Pro Racer’s Take: McLaren Senna
Redefining “Street Legal”
Ayrton Senna claimed the first of his 41 F1 wins at the Autódromo do Estoril racetrack in Portugal on April 21, 1985. Thinking of that while walking down the track's pit lane hammered home the point that the McLaren Senna is a special car—especially if you're a fan of the man and F1. I've heard people say it's ugly, but to my eyes it has a striking presence and exudes unapologetic functionality. I think it looks impressive.
McLaren provided a 720S for our first laps of Estoril. Yes, to find our way around a circuit most of us had never seen before, we warmed up in the massively fast 720S. Imagine it as a 710-hp rent-a-car type of thing. Worth noting: The 720S is rather well balanced, but it doesn't have much in the way of aerodynamic downforce to help you, especially compared to other 700-plus-horsepower cars now available (see our November issue). To get a fast lap in a 720S, you have to slide it around a lot, including through high-speed turns. Thankfully, the car's balance is so amenable and communicative that slipping and sliding all day at complete nutter speeds is twitch-free and enjoyable.
After a few laps in the 720S learner car, it was time to jump into the Senna. I was excited and tried to take as much out of every minute as I could. Estoril, apart from one horrible "slow them down" chicane, is exactly as Senna found it when he won his first F1 race. But thank goodness we didn't have the horrendous rain the F1 field did on that particular April day.
If you have almost 800 hp, you'd better have plenty of stopping capability. The Senna can pull 2.1 g in deceleration, a number that's serious race car good. The brake feel is excellent and easy to modulate; I could just tickle the ABS or modulate deceleration to rotate the car on corner entry. You enter the brake zone for the 50-mph first turn at more than 180 mph, so you need amazing stoppers. The car passed that test with zero trouble.
"The stiffer suspension setup makes any steering input an almost instantaneous instruction to the tire patch, so it's up to the driver to control this."
The steering is quick but not too quick. Although the Senna comes with Pirelli P Zero Trofeo R tires, they're still street tires. To get the most from them, they need a slower steering rate than race tires, especially after they heat up. Once I slowed my hands down, I could manage the plentiful front grip much better. Slowing my hands gave my steering input more time to speak to the tire patch through the suspension. The Senna is sprung on the stiff side to handle the almost 1,800 pounds of total downforce it can generate at 155 mph. The stiffer suspension setup makes any steering input an almost instantaneous instruction to the tire patch, so it's up to the driver to control this.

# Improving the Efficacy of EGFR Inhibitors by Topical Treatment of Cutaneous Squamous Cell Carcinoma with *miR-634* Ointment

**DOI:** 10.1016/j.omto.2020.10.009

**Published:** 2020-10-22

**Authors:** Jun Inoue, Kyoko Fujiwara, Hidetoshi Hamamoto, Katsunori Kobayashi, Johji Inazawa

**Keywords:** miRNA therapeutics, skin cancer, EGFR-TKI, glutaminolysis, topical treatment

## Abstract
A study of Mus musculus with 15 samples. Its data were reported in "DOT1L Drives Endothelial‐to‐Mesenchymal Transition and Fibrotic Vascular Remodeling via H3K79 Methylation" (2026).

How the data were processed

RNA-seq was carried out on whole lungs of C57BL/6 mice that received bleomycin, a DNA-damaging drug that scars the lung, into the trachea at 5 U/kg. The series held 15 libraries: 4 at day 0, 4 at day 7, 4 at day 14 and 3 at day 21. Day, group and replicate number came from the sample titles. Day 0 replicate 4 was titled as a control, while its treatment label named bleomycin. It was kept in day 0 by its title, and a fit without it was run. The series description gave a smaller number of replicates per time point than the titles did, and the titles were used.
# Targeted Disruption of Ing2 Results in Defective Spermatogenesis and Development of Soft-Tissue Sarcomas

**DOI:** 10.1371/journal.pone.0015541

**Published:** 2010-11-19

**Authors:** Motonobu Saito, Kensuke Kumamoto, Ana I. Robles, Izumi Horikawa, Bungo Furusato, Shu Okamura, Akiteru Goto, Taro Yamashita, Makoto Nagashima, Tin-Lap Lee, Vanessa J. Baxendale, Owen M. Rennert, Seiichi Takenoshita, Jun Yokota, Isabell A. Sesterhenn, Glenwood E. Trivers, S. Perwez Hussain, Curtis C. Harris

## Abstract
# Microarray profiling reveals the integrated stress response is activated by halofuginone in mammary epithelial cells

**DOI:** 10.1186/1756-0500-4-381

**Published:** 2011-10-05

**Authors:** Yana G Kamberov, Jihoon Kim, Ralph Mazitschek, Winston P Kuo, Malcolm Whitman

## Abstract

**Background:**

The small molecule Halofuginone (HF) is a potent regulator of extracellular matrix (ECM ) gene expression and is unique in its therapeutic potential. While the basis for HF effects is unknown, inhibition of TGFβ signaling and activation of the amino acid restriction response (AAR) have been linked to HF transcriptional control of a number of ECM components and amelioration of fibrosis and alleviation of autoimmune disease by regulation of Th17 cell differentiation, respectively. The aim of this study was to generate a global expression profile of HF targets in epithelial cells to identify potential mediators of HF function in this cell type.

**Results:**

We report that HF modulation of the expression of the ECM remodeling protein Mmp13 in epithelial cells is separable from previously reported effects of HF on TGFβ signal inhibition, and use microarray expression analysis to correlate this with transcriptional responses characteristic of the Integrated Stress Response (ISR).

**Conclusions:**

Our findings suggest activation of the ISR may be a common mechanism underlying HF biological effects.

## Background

That downforce figure is just amazing. To help save the tires, the active aero limits downforce to an 1,800-pound maximum, but the downforce level could in theory be even greater. For comparison, a Corvette ZR1 or Porsche GT2 RS will produce about 450 pounds of downforce at 155 mph and a maximum of around 1,000 pounds at their top speed of roughly 212 mph. That's not really any comparison to the Senna. In terms of cornering speeds, those cars are like GT3 racers whereas the Senna is like a prototype racer.
The suspension setup is impressive for its overall front-to-rear chassis balance. As stiff as it is, once I got my steering wheel rate figured out on corner entry, I could use the steering and a slight throttle lift or slight left-foot braking to move the car and control rotation. This was very useful entering the midspeed kinks. Downforce helped to make the Turn 5 kink easy to take flat out at more than 130 mph. The ability to rotate the car on corner entry to midcorner takes away the need for the front tires to do all the work, allowing me to carry more speed and making the car a joy to drive. I could also use these same techniques for post-apex/corner-exit power-down situations. It worked particularly well for putting the power down early in the Interior Parabolica Turn 6 and the really quick and long Ayrton Senna Parabolica Turn 13. This car is so much fun to drive at full rip; I tip my hat to McLaren's engineers and test drivers for its development.
I often find acceleration to be the least impressive part of a high-performance road car, especially when you get it on a track where everything around you goes equally as quick. However, the Senna is something else. The 720S has roughly 4.6 pounds per horsepower when you include fuel and a driver. You might be surprised to find a modern-day GT3 race car would be around 6 pounds per horsepower. The Senna is 3.7 pounds per horsepower, including fuel and a driver. It really does feel like a prototype race car on acceleration, especially up to 100 mph, when the downforce is lower—and the car still pulled strongly to more than 180 mph on Estoril's front straight.
"A modern-day GT3 race car would be around 6 pounds per horsepower. The Senna is 3.7 pounds per horsepower, including fuel and a driver."
For lap time, this is certainly the quickest street car I've ever driven on a racetrack. I imagine McLaren felt a fair amount of pressure when it began this project to create a car worthy of carrying the Senna name, but it can rest easy knowing it succeeded.